BELLINGHAM - The future of the city's Public Development Authority appeared a bit cloudy Monday after Mayor Kelli Linville and City Council members gave its budget a preliminary review on Monday, Nov. 19.
Early in the process of drafting a proposed 2013 city budget, Linville proposed an abrupt end to the authority's $358,000-a-year appropriation from the general fund, which is the source of tax revenue that pays for parks, public safety and other city functions. Even with that cut included, the city is likely to end 2013 with a $400,000 deficit that will have to be closed by eating into reserves.
But rather than pull the plug on the PDA, Linville has suggested that the council allow the authority to use some portion of the $1.2 million from the sale of a small parcel at Cornwall Avenue and Maple Street that the authority arranged at the end of 2011.
The preliminary budget now on the table would let the authority and its executive director Jim Long spend about $938,000 from the Cornwall sale in efforts to launch development of other city-owned parcels, in hope of returning more revenue to the city.
But for 2014, the authority's funding would drop to about $372,000 according to the current budget proposal.
Long proposed a different approach. He asked the council to allow the PDA to spend $358,000 from the Cornwall property sale proceeds in 2013 and another $818,000 in 2014 - an amount that could be supplemented with up to $759,000 in general fund money.
Long stressed that his proposed 2014 spending plan, totaling $1.7 million, would be a maximum amount that would be necessary if the authority is moving ahead on development plans for the Army Street property in Old Town, the old Federal Building, and the former Sash & Door property at 600 W. Holly St., which is now envisioned as a site for a fish hatchery project that could be a tourist attraction.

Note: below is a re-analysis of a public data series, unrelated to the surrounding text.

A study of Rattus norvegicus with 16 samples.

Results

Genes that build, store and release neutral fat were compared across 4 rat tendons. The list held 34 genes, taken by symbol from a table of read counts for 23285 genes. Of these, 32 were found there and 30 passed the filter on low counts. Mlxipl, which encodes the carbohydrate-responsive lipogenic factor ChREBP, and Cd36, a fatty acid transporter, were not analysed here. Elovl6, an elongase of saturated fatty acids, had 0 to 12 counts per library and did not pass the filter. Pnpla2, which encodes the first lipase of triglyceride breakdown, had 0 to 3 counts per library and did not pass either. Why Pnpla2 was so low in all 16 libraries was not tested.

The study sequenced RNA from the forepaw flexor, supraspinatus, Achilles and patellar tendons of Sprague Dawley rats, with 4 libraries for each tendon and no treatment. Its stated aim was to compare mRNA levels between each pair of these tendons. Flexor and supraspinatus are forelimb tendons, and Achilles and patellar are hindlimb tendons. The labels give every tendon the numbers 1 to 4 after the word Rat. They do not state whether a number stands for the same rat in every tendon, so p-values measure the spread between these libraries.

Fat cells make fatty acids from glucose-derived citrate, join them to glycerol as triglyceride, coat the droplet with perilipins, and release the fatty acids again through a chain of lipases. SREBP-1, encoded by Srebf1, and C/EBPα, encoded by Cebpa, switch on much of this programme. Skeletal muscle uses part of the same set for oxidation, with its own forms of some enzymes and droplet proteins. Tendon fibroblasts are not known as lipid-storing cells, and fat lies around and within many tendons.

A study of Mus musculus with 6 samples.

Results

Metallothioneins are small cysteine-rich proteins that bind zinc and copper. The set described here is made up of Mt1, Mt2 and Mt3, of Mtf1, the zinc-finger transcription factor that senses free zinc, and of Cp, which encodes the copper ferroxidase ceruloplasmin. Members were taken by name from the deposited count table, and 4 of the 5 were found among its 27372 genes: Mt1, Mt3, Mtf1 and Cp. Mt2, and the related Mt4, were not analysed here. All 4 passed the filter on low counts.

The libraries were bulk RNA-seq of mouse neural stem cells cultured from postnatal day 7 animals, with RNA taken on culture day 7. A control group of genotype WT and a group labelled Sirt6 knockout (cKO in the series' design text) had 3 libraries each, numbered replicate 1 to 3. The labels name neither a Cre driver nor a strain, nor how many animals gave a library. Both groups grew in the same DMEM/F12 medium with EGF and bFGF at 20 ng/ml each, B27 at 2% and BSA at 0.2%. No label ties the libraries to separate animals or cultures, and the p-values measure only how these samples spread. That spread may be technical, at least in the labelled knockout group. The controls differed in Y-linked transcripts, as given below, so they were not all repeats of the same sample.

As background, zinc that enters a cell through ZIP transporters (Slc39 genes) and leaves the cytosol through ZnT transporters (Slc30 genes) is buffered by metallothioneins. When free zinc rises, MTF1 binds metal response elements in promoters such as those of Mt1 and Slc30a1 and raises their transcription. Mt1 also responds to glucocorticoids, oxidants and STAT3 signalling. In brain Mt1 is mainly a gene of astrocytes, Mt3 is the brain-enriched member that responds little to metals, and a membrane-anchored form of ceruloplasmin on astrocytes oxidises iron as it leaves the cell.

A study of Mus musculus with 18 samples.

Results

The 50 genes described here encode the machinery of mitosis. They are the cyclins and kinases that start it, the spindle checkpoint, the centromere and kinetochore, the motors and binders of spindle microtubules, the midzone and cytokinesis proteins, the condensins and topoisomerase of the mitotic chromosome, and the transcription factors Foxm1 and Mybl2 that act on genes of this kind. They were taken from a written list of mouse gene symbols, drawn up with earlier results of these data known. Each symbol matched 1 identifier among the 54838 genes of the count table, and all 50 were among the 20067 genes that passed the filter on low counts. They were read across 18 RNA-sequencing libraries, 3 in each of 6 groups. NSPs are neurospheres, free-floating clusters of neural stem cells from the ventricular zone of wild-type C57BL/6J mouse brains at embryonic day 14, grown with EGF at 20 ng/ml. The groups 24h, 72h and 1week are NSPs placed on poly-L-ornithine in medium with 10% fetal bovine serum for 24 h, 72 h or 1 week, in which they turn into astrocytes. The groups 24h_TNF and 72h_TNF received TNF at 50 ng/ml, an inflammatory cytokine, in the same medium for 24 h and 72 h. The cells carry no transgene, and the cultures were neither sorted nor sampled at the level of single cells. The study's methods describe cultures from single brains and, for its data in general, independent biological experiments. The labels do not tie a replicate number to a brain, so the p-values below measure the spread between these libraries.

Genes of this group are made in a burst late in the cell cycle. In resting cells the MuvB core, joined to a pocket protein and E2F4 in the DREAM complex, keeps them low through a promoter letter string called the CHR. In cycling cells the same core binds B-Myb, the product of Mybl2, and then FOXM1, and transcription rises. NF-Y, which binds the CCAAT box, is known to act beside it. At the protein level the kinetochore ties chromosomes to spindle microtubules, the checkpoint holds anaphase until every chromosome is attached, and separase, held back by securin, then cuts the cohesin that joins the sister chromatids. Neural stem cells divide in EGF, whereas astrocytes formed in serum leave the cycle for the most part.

If the projects do move forward, Long told the council that the city would recover its investment and then some: He calculates that the properties could be worth more than $120 million if fully developed according to the PDA's visions.
But Long thinks he needs more than one year to get the projects rolling.
Council member Terry Bornemann noted that the city originally spent $1.5 million in parking fund money for the Cornwall property, with the understanding that it would be developed to provide added parking to benefit downtown.
Bornemann said there was some logic to reinvesting the sale proceeds in developing the Army Street project, which would include a 500-car parking garage. But he also noted that the ambitious Army Street plan, including a hotel plus other commercial and residential buildings, would require enlisting the cooperation of several other Old Town property owners, with no certainty of the outcome.
"We could very well burn through that money and not have anything going forward," Bornemann said.
Council members Jack Weiss and Michael Lilliquist also questioned the use of the Cornwall sales proceeds for projects not directly related to providing more downtown parking.
Former Mayor Dan Pike launched the PDA in 2008 to spearhead development of city-owned real estate parcels.
Linville didn't urge the council to kill the PDA, but she made it clear she is not an advocate. She said some of its functions could be taken over by other city departments. Development authorities can do valuable work if they control large tracts of land and have money to do preliminary development work, but that is not the case here, she said.
"I think the timing was bad for our PDA because we were right into the recession," Linville said. "We're not out yet. I think there will have to be a hard discussion of this."
Council members agreed. Lilliquist, who chaired Monday's session, said council members would have to give the matter a lot more thought before deciding what to do next.
Reach JOHN STARK at email@example.com or call 715-2274.